Whey Protein

June 29, 2008

Whey protein is a natural source of the essential amino acids necessary for the body as building blocks of muscle and other tissues. Derived from cow’s milk, it contains very little fat or lactose and provides a consistent, high-quality protein source. Whey protein isolate is the most pure and concentrated form, containing over 90% protein and available dried and powdered for easy supplementation.

Pure protein is important not just to build muscle, but also to help repair the muscles and cells and to assist in the control of important metabolic functions in the body. Athletes make large demands on their muscles and overall metabolism, making it even more important for them to ensure that high-quality protein is available to the body. Eating complete proteins (those with all the essential amino acids) is one way to provide the body with tools for maintenance and repair of the muscles and cells. However, supplementing with a pure, complete protein, like whey protein, is often an easier way to maintain the higher protein level that is optimal for active athletes.

During and immediately following exercise, the amino acids contained in proteins are used by the muscles directly instead of being processed by the liver like they are when the body is at rest. If adequate protein is not available to the body, fatigue and muscle soreness are more likely to occur. Whey protein, unlike beef and other high-protein foods, is quickly available to the body after it is ingested. They amount of available protein the body needs varies based on the individual’s size and activity levels, however, 120- 180 grams per day is the standard recommendation for the average athletic male.

Supplementing with whey protein has both practical and scientific benefits for athletes. Studies show that whey protein supplementation along with resistance training increases lean tissue mass and strength. Other protein supplements also showed gains in muscle mass and resistance strength, however, whey is the richest source of the specific amino acids, particularly leucine, that also help most effectively with cellular repair and fatigue.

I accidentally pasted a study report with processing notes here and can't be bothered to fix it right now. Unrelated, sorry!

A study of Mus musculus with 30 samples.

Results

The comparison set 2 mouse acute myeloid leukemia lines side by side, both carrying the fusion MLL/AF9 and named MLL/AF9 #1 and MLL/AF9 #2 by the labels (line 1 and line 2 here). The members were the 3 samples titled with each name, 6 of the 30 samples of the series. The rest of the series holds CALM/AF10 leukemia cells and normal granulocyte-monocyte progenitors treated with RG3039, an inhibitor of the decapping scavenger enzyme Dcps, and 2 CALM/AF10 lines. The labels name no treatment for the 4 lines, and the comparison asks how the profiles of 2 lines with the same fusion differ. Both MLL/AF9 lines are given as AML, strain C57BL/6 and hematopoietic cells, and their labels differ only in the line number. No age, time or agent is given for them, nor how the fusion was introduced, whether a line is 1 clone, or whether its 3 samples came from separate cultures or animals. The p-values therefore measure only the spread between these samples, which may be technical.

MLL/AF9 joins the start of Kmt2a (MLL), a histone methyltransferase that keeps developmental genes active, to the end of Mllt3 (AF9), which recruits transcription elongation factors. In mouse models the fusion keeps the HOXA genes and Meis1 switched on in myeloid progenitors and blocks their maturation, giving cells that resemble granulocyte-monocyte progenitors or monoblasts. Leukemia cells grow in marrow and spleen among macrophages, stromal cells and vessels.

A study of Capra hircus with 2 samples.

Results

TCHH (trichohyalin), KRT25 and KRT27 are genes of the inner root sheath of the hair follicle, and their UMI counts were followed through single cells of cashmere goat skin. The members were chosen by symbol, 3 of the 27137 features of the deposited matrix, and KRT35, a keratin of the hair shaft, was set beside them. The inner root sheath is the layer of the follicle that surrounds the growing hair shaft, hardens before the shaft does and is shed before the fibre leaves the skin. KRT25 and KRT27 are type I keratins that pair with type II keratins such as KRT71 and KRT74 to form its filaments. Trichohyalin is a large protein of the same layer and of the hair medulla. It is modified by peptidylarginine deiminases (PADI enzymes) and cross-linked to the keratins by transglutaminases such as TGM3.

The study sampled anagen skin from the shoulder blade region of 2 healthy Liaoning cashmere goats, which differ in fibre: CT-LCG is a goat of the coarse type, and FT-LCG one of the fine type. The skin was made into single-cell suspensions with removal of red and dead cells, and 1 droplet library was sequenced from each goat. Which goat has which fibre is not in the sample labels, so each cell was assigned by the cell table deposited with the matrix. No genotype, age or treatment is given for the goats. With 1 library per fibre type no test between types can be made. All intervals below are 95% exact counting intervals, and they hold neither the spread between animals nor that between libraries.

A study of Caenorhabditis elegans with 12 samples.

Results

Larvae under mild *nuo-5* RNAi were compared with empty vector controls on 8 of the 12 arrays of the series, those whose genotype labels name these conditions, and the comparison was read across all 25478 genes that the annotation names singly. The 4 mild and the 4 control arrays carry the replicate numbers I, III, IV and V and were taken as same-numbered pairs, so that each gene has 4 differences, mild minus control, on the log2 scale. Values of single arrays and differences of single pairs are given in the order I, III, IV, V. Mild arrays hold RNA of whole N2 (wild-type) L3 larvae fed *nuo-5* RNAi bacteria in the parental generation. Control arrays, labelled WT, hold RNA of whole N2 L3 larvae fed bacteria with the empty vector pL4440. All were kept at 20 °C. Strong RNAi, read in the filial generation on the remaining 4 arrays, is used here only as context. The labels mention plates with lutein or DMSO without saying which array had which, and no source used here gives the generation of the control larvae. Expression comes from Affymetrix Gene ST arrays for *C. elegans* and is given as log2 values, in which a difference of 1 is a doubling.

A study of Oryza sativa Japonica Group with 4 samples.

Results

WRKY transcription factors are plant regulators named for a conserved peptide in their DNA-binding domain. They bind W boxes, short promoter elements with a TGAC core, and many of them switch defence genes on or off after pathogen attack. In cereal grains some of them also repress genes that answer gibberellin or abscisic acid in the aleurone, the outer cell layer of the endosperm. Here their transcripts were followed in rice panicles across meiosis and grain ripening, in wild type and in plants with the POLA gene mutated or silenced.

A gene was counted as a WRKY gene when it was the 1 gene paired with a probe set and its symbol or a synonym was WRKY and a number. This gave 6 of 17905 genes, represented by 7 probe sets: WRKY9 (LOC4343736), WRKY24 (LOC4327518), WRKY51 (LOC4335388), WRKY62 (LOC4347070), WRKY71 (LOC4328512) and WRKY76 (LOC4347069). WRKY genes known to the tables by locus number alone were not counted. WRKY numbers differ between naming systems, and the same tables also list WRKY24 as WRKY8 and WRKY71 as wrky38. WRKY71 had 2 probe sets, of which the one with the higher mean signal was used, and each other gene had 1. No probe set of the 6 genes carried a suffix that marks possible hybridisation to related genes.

Some positive side effects noted with the use of whey protein include an increase in metabolism leading to a loss in body fat. It also helps provide the feeling of fullness or satisfaction, discouraging overeating and making fat loss easier. Whey protein also increases levels of glutathione, an antioxidant that helps maintain a healthy body, which is often depleted during resistance training.

Whey protein can be taken in conjunction with creatine supplements for greater increases in muscle mass and strength along with greater positive effects on fatigued muscles. It is widely available, but care should be taken that it is supplemented in its purest form for athletes, without excess fat or carbohydrates. Whey protein is natural, highly digestible and safely offers benefits to athletes.

References:
Candow DG, Burke NC, Smith-Palmer T, Burke DG.
Effect of whey and soy protein supplementation combined with resistance training in young adults. Int J Sport Nutr Exerc Metab. 2006 Jun;16(3):233-44.

Carlon M. Colker, Melissa A. Swain, Bill Fabrucini, Qiuhi Shi and Douglas S. Kaiman. Effects of supplemental protein on body composition and muscular strength in healthy athletic male adults Current Therapeutic Research January 2000; 61(1):19-28.

Cribb PJ, Williams AD, Stathis CG, Carey MF, Hayes A. Effects of whey isolate, creatine, and resistance training on muscle hypertrophy. Med Sci Sports Exerc. 2007 Feb;39(2):298-307.